DOHA -- Qataris says they are already reaping the benefits of a reconciliation agreement signed earlier this month with neighbouring Gulf states, with some expressing relief, celebration and even tears of happiness.
The reconciliation agreement, signed in the Saudi city of al-Ula on January 5, brought about a series of immediate and welcome changes, particularly the reopening of airspace and of land and sea borders between Qatar and the other Gulf states.
The first direct flights since 2017 between Qatar and its former rivals Egypt and the UAE took to the skies on Monday (January 18).
Riyadh also announced Saturday (January 16) it will reopen its embassy in Doha in the coming days.
Qatar and Saudi Arabia reopened their land border on January 9, with more than 1,000 vehicles passing through the crossing between Doha and Riyadh in the first four days alone.
The Abu Samrah crossing, known as Salwa on the Saudi side, is the only land crossing between the two nations, and had been closed since June 2017.
Passing through the crossing on the day after it reopened, Qatari Mohammed al-Marri told AFP he was elated.
"Coming from Qatar is like coming to our second country, where there's no difference between them and us in their traditions," he said.
"This happiness -- no one can describe it," said Ghaith al-Marri, a Qatari. "There are people who started crying" when the border re-opened, he said.
Meanwhile, airline passengers are noting their journeys have become shorter, as Qatari planes shift their flight routes away from Iranian airspace, resuming their previous routes through Saudi, Bahraini and Emirati airspace.
A Qatar Civil Aviation Authority official told Al-Mashareq that a large number of flights have resumed operations on their previous routes, instead of using Iranian airspace, as they had been doing.
Kuwait -- a key mediator in the diplomatic crisis -- was the first to reopen its airspace and land and sea borders to Qatar, on January 4. And on January 7, the first Qatar Airways flight was routed through Saudi airspace.
"There is no longer a need to enter Iranian airspace, and as a result flight times have been shortened, some by 50%," the aviation authority official said.
During the Gulf blockade, he said, "flights to and from Jordan, Lebanon, Greece and many other countries" flew long distances before entering their flight routes.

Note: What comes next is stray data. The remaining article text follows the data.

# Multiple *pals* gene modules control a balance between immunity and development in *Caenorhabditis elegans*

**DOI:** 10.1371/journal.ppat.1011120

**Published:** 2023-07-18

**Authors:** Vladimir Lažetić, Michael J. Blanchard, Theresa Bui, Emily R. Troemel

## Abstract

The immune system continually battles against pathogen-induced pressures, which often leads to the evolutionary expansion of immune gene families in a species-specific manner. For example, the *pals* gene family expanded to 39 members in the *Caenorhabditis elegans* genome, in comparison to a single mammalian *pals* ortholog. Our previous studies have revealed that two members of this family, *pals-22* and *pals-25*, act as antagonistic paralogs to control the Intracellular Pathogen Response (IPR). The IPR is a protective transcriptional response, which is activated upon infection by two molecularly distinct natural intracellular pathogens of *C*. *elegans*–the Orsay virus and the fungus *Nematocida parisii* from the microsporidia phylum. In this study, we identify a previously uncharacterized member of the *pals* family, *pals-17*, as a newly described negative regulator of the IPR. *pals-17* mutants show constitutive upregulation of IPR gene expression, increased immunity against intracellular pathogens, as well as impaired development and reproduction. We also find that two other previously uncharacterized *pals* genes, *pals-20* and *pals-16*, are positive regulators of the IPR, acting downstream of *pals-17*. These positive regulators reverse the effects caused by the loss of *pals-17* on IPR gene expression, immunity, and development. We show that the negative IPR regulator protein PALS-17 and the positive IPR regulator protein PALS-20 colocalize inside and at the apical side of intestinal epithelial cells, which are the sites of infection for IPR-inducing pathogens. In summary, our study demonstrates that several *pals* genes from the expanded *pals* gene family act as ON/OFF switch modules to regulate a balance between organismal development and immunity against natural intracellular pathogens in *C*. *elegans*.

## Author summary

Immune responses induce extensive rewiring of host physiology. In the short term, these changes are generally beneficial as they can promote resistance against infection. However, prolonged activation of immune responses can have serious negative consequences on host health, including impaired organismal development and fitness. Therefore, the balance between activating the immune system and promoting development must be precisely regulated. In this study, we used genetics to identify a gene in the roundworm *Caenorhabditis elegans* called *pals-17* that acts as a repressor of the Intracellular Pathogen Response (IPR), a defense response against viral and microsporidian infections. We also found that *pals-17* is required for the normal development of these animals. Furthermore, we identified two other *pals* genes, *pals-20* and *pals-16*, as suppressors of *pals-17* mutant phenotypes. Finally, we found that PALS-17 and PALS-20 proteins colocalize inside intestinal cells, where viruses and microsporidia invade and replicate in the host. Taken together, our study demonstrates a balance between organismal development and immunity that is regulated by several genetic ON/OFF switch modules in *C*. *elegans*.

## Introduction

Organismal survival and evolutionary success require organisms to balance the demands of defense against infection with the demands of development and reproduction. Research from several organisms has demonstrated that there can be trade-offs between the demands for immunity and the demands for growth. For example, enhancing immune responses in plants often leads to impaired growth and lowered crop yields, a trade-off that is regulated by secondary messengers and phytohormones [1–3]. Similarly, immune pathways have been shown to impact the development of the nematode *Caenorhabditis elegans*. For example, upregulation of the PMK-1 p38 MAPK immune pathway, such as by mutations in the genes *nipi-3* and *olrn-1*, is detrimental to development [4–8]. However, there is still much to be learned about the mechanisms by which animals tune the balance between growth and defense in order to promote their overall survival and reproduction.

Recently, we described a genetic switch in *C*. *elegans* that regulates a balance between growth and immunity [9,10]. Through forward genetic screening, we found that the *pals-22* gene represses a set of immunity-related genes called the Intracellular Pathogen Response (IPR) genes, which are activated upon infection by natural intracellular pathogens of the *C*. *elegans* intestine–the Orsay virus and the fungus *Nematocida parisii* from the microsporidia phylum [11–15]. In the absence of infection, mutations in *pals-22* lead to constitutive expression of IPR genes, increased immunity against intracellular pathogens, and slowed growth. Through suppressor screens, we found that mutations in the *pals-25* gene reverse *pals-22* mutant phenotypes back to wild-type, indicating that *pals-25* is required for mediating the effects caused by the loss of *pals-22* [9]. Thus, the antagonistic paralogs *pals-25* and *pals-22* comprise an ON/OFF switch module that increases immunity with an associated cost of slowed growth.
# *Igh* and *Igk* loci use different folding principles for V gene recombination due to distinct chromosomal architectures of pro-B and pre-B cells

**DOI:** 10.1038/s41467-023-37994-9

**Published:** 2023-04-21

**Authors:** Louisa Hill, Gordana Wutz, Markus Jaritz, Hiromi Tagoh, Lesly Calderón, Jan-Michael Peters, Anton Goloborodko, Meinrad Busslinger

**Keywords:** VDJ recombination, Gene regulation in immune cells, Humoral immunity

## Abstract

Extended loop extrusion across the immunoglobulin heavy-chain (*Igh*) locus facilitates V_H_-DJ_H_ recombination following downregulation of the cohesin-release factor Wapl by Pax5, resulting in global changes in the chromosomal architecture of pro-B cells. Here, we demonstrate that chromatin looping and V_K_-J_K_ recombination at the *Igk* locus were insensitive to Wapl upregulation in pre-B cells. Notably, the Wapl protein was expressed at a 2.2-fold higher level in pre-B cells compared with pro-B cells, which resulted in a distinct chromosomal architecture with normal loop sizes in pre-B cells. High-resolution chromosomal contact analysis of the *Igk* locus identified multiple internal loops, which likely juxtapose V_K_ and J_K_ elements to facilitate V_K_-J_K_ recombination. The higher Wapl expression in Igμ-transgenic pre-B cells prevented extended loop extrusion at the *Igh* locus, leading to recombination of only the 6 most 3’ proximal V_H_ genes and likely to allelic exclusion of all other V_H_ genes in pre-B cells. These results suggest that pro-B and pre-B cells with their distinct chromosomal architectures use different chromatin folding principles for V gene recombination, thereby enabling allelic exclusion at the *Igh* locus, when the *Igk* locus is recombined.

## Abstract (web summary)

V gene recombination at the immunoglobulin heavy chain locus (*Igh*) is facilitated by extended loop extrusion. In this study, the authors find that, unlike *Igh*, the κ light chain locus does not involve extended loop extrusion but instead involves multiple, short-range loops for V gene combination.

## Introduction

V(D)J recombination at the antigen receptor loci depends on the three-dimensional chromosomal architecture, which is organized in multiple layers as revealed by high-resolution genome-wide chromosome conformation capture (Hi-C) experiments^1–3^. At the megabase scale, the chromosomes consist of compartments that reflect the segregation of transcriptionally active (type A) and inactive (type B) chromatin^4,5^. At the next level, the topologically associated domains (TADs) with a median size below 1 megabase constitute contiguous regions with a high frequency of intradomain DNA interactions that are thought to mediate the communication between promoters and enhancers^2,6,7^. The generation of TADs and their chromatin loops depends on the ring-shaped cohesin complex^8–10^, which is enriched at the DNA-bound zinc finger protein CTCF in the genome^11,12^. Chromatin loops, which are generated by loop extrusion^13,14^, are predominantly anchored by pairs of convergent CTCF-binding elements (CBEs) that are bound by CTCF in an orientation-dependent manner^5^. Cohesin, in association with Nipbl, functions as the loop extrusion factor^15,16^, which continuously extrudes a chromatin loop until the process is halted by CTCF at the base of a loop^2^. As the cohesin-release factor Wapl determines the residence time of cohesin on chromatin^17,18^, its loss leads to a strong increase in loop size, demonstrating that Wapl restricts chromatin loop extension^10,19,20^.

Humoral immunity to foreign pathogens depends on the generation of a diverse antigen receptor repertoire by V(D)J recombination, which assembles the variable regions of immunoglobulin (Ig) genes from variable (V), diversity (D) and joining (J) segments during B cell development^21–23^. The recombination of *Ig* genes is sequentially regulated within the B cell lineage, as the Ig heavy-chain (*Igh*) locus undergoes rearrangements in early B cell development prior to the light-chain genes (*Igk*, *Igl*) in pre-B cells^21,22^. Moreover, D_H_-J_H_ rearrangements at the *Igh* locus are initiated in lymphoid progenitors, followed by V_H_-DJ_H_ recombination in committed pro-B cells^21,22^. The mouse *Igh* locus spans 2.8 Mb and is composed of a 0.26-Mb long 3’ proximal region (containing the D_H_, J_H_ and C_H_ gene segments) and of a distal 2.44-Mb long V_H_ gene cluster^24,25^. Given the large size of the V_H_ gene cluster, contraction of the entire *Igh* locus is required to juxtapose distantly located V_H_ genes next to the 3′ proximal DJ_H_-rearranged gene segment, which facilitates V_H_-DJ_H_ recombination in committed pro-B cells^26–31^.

Flights between Egypt and Qatar have also resumed, with the first commercial flight from Doha landing in Cairo on Monday.
Egypt on January 12 announced it had reopened its airspace to Qatar, thereby enabling EgyptAir and Qatar Airways to resume flights.
Impact on Iran and its proxies
The US-sponsored reconciliation among the Gulf states "put an end to the hopes and schemes of Iran", said Gulf affairs researcher and former Sanaa University professor Mohammed al-Hadrami.
The Iranian regime had been exploiting the crisis "to advance its agendas and benefit financially from it, in an attempt to evade US sanctions", he said.
"Iran used to reap large sums of money, up to $100 million annually, by virtue of the fact that Qatar was forced to import goods through its territory and use its airspace for the passage of its planes," al-Hadrami said.
Iran reaped revenue from the sale of perishable goods in Qatari markets, such as vegetables and fruit, that Qatar had for decades prior imported from Saudi Arabia, which Iran now stands to lose, he said. It also stands to lose revenue from the transit of goods from Turkey to Qatar via Iranian ports.
The Gulf crisis had "political, social and security repercussions that affected the region as a whole", said Brig. Gen. Mohammed Awad al-Shehri, a retired Saudi naval officer.
"The conclusion of an agreement between the various parties will shift the attention and focus to Iran's crimes and interference in the countries of the region, and away from other squabbles," he added.
"The peoples of the Gulf know full well the importance of reconciliation and appreciate those who helped achieve it, particularly the US and Kuwait."
Meanwhile, Qatar on Tuesday (January 19) has called for Gulf Arab countries to hold talks with Iran.
Foreign Minister Sheikh Mohammed bin Abdulrahman Al-Thani, who has previously called for dialogue with Iran, told Bloomberg TV he was "hopeful that this would happen and we still believe this should happen".
"This is also a desire that's shared by other Gulf Cooperation Council (GCC) countries," he said.
Restoring political, social stability
Qatar resident Ali Hamad al-Marri said he and his wife, a Saudi national, have been waiting for this moment for years.
The resumption of full ties was cause for celebration, he said, as it has enabled them to visit relatives in Saudi Arabia they had not seen for close to four years.
"The resumption of relations leads to political and social stability, and we have not felt such relief in years," he said, noting that there were some who were exploiting the crisis to achieve their own ends.
"The situation will gradually return to what it was before the crisis," said Khaled al-Hajri, a resident of Qatar's al-Rayyan city.
The reconciliation put an end to continuous repercussions that adversely affected everyone, he said -- "not only Gulf citizens, but also expatriates and visitors".
Nobody wants to see a repeat of this crisis, "because it was only in the interest of other countries that benefited financially and politically from it", al-Hajri added, referring to Iran.
The relief of traveling by land through Saudi Arabia, or by air without passing through Iranian airspace, "must continue and not be disrupted again", he said.